Increasing education, increasing prevention

Firefighter training

In the past, a soot-darkened helmet might have been worn as a firefighter’s badge of honor. But recent studies concerning the incidence of cancer among firefighters are changing the culture in the firehouse.

A multi-year study completed in 2015 found that firefighters had a greater number of cancer diagnoses and cancer-related deaths than the general population.

The study looked at nearly 30,000 firefighters from the Chicago, Philadelphia, and San Francisco fire departments. It was a joint effort led by researchers at the National Institute for Occupational Safety and Health and done in collaboration with researchers at the National Cancer Institute and the University of California at Davis Department of Public Health Sciences. The study was supported in part by the U.S Fire Administration.

The studies have been a “game changr,” according to Chris Parsons, a St. Paul fire captain and president of the Minnesota Professional Firefighters.

“When you look at kind of the state of the fire service, as little as six or seven years ago, it was kind of taken for granted that firefighters get cancer at a higher rate. At that time, there hadn’t been a lot of studies that had been done to prove that,” Parsons said. “We were able to finally point at scientific evidence that shows what we had known all along in the fire service, that is, a lot of our coworkers are getting cancer.”

Change in approach

In addition to being able to better support pushes for changes in policies at the state level, it also spurred action on the education and prevention front.

“Firefighters throughout the state are getting so much better at decontaminating themselves because they see there is scientific evidence that we are being exposed,” Parsons said. “It is more in their mind, for their own health, for the well-being of their families, that they need to take care of themselves and their coworkers.”

At Riverland Community College in Austin, Wanda Staska, the program manager for Riverland’s Emergency Medical Services & Fire Training Programs, has seen many changes in how firefighters are trained. Awareness about the increased risk for job-related cancer has grown.

Firefighters-in-training now learn how to take off their equipment in a way that minimizes exposure to harmful chemicals. They learn about the importance of cleaning their equipment and themselves in a timely fashion after fire calls.

For new firefighters, having clean gear isn’t a change in culture. It’s something they learn to do at the same time they learn to fight fires.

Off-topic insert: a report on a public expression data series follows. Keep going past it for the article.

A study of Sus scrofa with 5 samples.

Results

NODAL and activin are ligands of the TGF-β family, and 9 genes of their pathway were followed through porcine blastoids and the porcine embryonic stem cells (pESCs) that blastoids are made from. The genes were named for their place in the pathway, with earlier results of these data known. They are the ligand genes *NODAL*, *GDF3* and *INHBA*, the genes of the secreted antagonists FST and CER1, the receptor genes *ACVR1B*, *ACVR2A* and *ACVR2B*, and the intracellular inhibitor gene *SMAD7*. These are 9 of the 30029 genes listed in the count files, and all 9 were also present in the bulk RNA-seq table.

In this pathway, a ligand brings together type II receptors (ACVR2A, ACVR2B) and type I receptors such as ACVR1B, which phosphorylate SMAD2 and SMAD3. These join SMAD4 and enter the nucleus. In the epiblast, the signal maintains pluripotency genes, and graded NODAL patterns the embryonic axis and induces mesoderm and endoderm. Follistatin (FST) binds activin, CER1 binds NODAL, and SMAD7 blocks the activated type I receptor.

A tragic, early death

That wasn’t the case when Wanda Staska’s husband, Brian, trained to be a firefighter. Brian Staska had been a firefighter for more than 30 years for the Austin, Brownsdale and Owatonna fire departments. He also worked as an instructor for more than two decades and as fire training coordinator at Riverland Community College.

Brian Staska was diagnosed with Stage 4 cancer that started in his appendix and spread through his stomach.

“He went into the ER one night for massive pain and that is when they found it. It was all over inside of his abdomen,” Wanda Staska said. “They don’t know how long he had it before he was diagnosed.”

Surgery wasn’t an option. Staska underwent chemotherapy treatments. He died in October 2017 at the age of 53, about 18 months after he was diagnosed.

Before his death, the Staskas developed a firefighting cancer awareness class that Wanda still presents.

The importance of clean gear wasn’t something Steve Shapira learned early in his career, either. Going through the fire service, Shapira said he received no training on occupational cancer.

But things are changing. In Rochester, cancer awareness training is now in its second year. Spearheaded by Capt. Caleb Feine, the department has been updating firefighters on policy changes with regard to cancer prevention.

Feine became interested in the topic following a two-year officer’s program at the National Fire Academy. Through the program, he helped create a policy on cancer and cancer prevention at RFD.

“I’m trying to leave my mark, teaching people to be safe,” Feine said. “Yes, this is a dangerous job. We have the tools to do it. We have to be safer.”


Firefighters take the following steps to stay safe:

• Diligent SCBA use. Firefighters are being encouraged to use their self-contained breathing apparatus more often and especially during overhaul — when the active fire is out but there is still smoldering.

• Rinse off protective gear at the fire scene when possible. Weather-permitting, firefighters are using hoses to rinse off their gear.

• Bag up dirty gear before leaving a call to keep the cab clean. Some departments across the country practice something called “clean cab concept,” which means gear and air tanks are kept outside of the cab and put on at the scene.

• Frequent washing of protective gear. No longer is dirty gear a badge of honor. Washing of uniforms, and wearing gloves while putting the wash into the department’s extractor, is happening more often as each firefighter has a second uniform. Gear is washed anytime it is exposed to smoke, as well as every three-month quarter.

• ”Shower within the hour.” Cleaning off within an hour from returning from a fire scene is important. An initial lukewarm rinse is recommended before taking a hot shower.